Shed of the year 2024, Sponsored by Cuprinol, Sponsors Shed of the year
Photo 1 of shed - Cheltenham Corker, Gloucestershire Photo 2 of shed - Cheltenham Corker, Gloucestershire Photo 3 of shed - Cheltenham Corker, Gloucestershire Photo 4 of shed - Cheltenham Corker, Gloucestershire Photo 5 of shed - Cheltenham Corker, Gloucestershire Photo 6 of shed - Cheltenham Corker, Gloucestershire Photo 7 of shed - Cheltenham Corker, Gloucestershire Photo 8 of shed - Cheltenham Corker, Gloucestershire Photo 9 of shed - Cheltenham Corker, Gloucestershire Photo 10 of shed - Cheltenham Corker, Gloucestershire
All photos are copyright sheddie Iain Jamieson

Cheltenham Corker


    This project was created for a retired couple (who are also my parents) in Cheltenham. They asked for a new potting shed that was as sustainably designed as possible to allow them a workshop space and a place to sit in the sunshine.

    Other Shed info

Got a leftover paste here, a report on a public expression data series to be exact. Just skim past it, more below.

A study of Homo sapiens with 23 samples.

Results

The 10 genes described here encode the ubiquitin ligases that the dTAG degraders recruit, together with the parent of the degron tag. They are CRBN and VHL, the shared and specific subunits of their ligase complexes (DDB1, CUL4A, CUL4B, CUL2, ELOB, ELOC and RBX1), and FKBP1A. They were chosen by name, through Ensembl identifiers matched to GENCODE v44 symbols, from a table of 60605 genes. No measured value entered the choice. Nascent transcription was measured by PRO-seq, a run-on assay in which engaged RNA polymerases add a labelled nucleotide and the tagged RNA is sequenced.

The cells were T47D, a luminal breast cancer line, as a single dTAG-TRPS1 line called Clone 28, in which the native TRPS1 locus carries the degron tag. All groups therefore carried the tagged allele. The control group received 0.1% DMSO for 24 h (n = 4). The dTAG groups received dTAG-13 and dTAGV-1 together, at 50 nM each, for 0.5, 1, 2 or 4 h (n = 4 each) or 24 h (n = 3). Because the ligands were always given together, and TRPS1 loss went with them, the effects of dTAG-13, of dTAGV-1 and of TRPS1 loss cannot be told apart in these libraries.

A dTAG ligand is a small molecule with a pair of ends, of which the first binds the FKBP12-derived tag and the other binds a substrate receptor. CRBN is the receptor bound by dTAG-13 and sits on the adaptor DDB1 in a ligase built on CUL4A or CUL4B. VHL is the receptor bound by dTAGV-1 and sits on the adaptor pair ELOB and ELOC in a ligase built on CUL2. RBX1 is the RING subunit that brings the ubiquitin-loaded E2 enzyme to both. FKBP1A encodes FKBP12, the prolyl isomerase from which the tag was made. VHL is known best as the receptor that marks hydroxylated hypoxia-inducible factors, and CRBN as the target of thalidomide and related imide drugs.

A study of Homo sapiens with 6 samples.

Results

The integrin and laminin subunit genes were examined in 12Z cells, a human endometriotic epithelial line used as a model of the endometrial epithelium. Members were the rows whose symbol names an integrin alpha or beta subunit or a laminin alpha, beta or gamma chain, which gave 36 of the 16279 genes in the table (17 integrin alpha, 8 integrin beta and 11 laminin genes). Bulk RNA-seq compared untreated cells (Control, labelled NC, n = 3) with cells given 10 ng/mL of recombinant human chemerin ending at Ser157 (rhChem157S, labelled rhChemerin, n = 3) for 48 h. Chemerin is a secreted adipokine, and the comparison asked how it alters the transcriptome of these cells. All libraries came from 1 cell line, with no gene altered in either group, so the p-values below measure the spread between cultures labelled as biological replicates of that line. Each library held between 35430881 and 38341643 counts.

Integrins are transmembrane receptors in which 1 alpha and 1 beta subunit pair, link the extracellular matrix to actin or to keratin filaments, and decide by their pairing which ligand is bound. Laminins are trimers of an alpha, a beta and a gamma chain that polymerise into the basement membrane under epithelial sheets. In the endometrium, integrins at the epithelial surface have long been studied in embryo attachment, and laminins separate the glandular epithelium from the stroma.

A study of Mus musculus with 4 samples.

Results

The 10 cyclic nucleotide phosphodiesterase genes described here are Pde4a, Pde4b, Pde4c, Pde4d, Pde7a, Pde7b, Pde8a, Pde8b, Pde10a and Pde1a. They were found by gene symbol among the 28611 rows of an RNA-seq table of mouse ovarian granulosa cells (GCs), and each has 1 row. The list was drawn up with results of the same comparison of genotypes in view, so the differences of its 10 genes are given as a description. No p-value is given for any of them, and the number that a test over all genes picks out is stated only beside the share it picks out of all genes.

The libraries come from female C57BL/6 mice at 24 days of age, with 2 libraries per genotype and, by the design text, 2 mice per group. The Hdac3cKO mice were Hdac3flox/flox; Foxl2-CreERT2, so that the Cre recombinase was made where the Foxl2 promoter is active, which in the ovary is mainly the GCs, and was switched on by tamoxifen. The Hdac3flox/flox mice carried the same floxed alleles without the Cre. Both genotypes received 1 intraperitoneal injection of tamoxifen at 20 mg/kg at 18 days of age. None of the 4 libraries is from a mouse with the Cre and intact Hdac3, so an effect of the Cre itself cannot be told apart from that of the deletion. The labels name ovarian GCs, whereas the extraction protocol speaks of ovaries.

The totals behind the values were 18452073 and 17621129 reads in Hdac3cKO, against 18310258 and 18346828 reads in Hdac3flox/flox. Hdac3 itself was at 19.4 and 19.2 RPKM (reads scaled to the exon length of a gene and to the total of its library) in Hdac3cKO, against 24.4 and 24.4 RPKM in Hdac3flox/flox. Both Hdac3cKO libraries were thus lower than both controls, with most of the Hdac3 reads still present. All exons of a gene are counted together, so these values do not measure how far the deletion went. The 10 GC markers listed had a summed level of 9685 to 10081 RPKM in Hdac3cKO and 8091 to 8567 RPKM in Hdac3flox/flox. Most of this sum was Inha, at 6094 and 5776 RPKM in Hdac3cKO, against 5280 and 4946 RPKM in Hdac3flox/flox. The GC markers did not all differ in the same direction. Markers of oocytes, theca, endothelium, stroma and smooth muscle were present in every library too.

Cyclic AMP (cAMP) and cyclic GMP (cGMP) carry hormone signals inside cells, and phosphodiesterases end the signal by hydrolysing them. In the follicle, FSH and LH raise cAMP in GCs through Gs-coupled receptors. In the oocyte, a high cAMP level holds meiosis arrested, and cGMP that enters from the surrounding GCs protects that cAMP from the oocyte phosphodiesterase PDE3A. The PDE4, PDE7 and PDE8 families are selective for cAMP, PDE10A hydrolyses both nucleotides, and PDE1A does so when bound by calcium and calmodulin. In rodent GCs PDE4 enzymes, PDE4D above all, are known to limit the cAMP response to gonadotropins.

This project was created for a retired couple in Cheltenham who needed a replacement for their 1960s breezeblock workshop which needed to be demolished for safety reasons due to its damaged structure and cracked foundations. Responding to the couple's brief asking for sustainability, design, functionality, and entertaining, the new layout for the 11 square metre project not only gives a more sociable layout in the garden by creating a larger patio area for entertaining guests, it also produces a south facing single pitched roof with four solar panels. Together with the additional five panels added to the roof of the adjacent house provide renewable energy for the home and makes the running of the potting shed carbon negative, with the solar panels producing far more energy than the small amount of electricity used for lighting.The shed’s design creates a stark contrast to the Victorian home. The dark colour of the sustainably sourced cork cladding includes bold pops of blue for the doors & windows, water butt, and seating. The external bench, fabricated from recycled plastic, is positioned to face the garden’s 100-year-old Scots Pine tree and gives a relaxing place to read in the sunshine. Next to the bench an arrowloop sits in the facade which houses a sculpture of Hello Kitty and provides a narrow view through to the house. In contrast to the former 1960s workshop, the Potting Shed has a cement free construction, using a timber frame sat on top of screwpile foundations. The new raised floor level is made accessible by two stone steps, created using existing paving stones from the garden. With the material palette continuing inside, the Potting Shed has two worktops that sit either side for the couple to have space to pot, tend to seedlings, plus the occasional bit of DIY.